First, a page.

Jonathan Hayward/The Canadian Press

One year after a catastrophic dam breach, the Mount Polley Mine in B.C.'s interior has passed the first phase of remediation and resumed operations, with restrictions.

The August, 2014, dam failure sent millions of cubic metres of mine waste and water into area waterways and forced the government to toughen mine permitting requirements. Imperial Metals Corp. has completed Phase 1 cleanup by taking steps to ensure increased water flow at Mount Polley does not result in additional environmental or human health impacts, according to the B.C. Ministry of Environment. The company has also ensured that water quality entering Quesnel Lake meets provincial standards.

Environment Minister Mary Polak said in a briefing on Wednesday that a "significant amount of work" has been done in the past 12 months, but acknowledged full remediation and restoration will take years.


The company must also submit a long-term water treatment and discharge plan to both the Environment and Mines ministries by next June.

The tailings pond dam at the Mount Polley Mine collapsed last August, spilling 24-million cubic metres of mine waste and water into area lakes and waterways in B.C.'s Cariboo region. A report by an expert panel released last January found that the structure collapsed because it was built on a foundation underlain with glacial silt.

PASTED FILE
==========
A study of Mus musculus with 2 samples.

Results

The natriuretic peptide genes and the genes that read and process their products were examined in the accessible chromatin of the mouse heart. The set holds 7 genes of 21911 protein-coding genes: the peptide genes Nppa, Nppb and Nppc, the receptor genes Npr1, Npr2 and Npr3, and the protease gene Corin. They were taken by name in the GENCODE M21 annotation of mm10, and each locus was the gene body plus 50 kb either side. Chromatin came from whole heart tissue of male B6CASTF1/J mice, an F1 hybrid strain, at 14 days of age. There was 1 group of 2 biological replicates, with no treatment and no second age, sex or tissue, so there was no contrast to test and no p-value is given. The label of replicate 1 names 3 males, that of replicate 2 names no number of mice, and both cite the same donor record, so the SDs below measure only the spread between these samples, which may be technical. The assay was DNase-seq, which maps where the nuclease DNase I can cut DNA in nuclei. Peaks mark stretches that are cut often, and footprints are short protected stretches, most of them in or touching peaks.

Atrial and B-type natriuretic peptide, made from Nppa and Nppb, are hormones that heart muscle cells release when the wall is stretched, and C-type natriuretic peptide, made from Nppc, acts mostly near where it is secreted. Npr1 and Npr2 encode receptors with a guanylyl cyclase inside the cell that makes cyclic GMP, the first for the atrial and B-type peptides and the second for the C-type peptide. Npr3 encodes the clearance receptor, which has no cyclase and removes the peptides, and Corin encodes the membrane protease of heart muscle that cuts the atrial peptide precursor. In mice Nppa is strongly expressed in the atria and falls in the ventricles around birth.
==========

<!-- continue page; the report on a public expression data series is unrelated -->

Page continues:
Ms. Polak said the government has spent about $6-million on its share of the cleanup, but will be looking to recover costs it is entitled to.

"Some of our costs, such as for investigations, are not recoverable because they fall within our regular duties," she said. "But we will be seeking to recover our costs for salary, overtime, travel, sampling costs and other expenses."

Following the expert panel review, the B.C. government changed its environmental assessment process to require more information from companies proposing to build mines with new tailings dams. This information includes the potential risks and implications of the selected tailings management option and proof that other options have been considered.

Mines Minister Bill Bennett describes the new process as being much more rigorous.


On July 10, the Ministry of Environment issued a pollution abatement order to the Yellow Giant Mine on Banks Island in Northern B.C. in relation to a spill that occurred at a backfill dump location. The company said the spill was estimated to be 240 cubic metres of water containing one tonne of solids.

On July 15, the Ministry of Energy and Mines issued the company a shutdown order, pending receipt and approval of updated sediment control, water management and tailings management plans.

The company says it has since submitted the revised plans but that production has been "significantly impacted."

So far this year, the Ministry of Energy and Mines has also issued shutdown orders to Braelorne, Myra Falls and Quinsam.

Meanwhile, a new report from the U.S. has found that large-scale mine waste spills are increasing in "frequency, severity and cost" and that current regulatory systems do not sufficiently address the resulting economic and ecological losses.


"With this type of event, our public policy has been polluter pays, but that's not what's happening. It's taxpayer pay. It's basically a subsidy to this industry, and we aren't giving this kind of subsidy to similar industries."